We live in a world with a wealth of information at our fingertips. We can find the symptoms to nearly any condition, and – in theory – figure out what we’re struggling with in order to gain a better understanding of ourselves and our mental health.
But “in theory” is not what often happens. Internet searches for mental health have the potential to lead someone into making a bad or incorrect decision, and a diagnosis – while a useful tool – is also a limiting word that doesn’t always encompass all that a person struggles with, or correctly identifies whether something qualifies as a mental health challenge.
Clinicians are trained using a mental health manual called the “Diagnostic and Statistical Manual” or the “DSM” (in this case, the DSM-V, for the 5th version of the manual). This manual provides a way to determine if someone has a mental health challenge and the name of that challenge – for example, major depressive disorder or generalized anxiety.
But as psychotherapists, we are trained to do more than just read the words on the manual. Anyone can do that, and it is not particularly valuable. What we look for are the meaning, feelings, and experiences behind the words. We ask questions that help us better understand each person, so that we can look at a phrase on the manual and know how to see it in someone else whether or not they see it in themselves.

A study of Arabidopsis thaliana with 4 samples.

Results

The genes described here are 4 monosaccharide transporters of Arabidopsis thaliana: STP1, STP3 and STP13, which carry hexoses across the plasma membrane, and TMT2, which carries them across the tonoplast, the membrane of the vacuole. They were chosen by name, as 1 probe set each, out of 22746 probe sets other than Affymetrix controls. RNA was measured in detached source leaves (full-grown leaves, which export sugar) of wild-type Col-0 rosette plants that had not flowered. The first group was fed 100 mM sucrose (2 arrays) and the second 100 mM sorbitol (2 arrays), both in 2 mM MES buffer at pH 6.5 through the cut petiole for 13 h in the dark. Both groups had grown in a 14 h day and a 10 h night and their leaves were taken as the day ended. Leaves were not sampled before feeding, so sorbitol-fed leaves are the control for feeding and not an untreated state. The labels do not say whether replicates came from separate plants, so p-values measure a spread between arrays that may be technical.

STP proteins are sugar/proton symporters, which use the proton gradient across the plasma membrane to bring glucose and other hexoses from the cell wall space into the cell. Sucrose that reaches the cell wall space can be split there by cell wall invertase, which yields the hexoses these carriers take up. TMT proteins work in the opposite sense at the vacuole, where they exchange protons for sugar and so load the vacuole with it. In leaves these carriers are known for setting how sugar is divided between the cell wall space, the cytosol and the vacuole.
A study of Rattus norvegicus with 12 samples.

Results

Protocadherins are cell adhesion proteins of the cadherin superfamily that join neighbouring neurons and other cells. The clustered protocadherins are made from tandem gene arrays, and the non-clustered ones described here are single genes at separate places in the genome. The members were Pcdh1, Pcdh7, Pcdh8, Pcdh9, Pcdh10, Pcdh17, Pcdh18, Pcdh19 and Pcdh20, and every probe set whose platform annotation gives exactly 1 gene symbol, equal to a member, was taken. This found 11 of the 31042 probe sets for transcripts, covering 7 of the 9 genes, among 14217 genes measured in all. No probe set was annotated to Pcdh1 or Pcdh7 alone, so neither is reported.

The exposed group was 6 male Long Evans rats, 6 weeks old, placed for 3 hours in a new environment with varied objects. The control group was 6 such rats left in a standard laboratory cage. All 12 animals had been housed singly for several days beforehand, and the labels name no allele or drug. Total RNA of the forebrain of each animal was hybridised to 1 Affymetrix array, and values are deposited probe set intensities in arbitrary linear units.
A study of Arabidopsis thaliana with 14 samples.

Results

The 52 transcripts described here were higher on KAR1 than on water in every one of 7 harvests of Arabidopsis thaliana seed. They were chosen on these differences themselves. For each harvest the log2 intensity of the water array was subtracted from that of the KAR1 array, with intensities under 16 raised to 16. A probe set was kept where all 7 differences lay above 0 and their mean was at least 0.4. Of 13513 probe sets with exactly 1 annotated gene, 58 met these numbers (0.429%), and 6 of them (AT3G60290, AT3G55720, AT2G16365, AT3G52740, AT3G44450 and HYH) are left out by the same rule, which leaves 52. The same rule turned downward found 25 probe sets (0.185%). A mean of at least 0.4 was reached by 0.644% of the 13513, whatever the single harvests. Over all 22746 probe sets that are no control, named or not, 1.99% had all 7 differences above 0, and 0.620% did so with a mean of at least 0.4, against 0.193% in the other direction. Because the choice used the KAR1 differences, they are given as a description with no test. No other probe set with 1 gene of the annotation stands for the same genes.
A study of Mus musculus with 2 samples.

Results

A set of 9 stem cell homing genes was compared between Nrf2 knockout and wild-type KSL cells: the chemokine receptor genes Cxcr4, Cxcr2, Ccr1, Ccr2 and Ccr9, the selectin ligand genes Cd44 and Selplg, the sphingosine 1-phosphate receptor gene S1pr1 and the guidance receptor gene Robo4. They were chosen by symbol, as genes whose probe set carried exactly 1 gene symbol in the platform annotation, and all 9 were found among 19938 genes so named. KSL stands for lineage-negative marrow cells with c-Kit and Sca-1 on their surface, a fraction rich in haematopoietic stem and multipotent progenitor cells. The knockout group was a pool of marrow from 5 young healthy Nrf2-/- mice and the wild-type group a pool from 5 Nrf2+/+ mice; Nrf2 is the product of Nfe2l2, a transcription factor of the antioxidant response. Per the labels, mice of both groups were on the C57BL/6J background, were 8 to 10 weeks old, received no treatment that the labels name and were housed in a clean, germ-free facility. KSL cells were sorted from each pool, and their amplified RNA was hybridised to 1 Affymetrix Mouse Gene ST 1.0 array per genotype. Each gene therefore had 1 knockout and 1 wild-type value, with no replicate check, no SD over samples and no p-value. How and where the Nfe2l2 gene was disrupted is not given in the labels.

What Happens When We Self-Diagnose?
It’s one thing to say “I have depression.” It is quite another to understand how your depression manifests, whether or not it is due to something (such as a trauma) or if it is a persistent struggle. It doesn’t tell you how it developed, what symptoms you have are depression or are normal life circumstances, or whether or not it is a type of depression you may not be as familiar with (such as “cyclothymia”), and more.
We can see this with issues like ADHD, which many people diagnose in themselves to explain normal problems with focus that affect everyone – a problem that has only become worse with TikTok. We also see the effects of even a correct self-diagnosis, such as seeking out ineffective treatments, misunderstanding their own symptoms, or embracing it as part of their identity.
Trust Mental Health Professionals
Anyone *can* self-diagnose. But that doesn’t mean it is accurate. You wouldn’t avoid a medical doctor for an emergency because of what you read on WebMD, and it is not a good idea to avoid a psychologist because of what you read online. Mental health is more complex than even our diagnostic manuals make them sound, and even with a theoretically correct diagnosis, the way that the condition affects you is often far more complicated than it seems.
If you feel like you may have a mental health disorder, contact Long Island Psychology. We understand how to apply the criteria to your personal circumstances and provide a real, accurate diagnosis.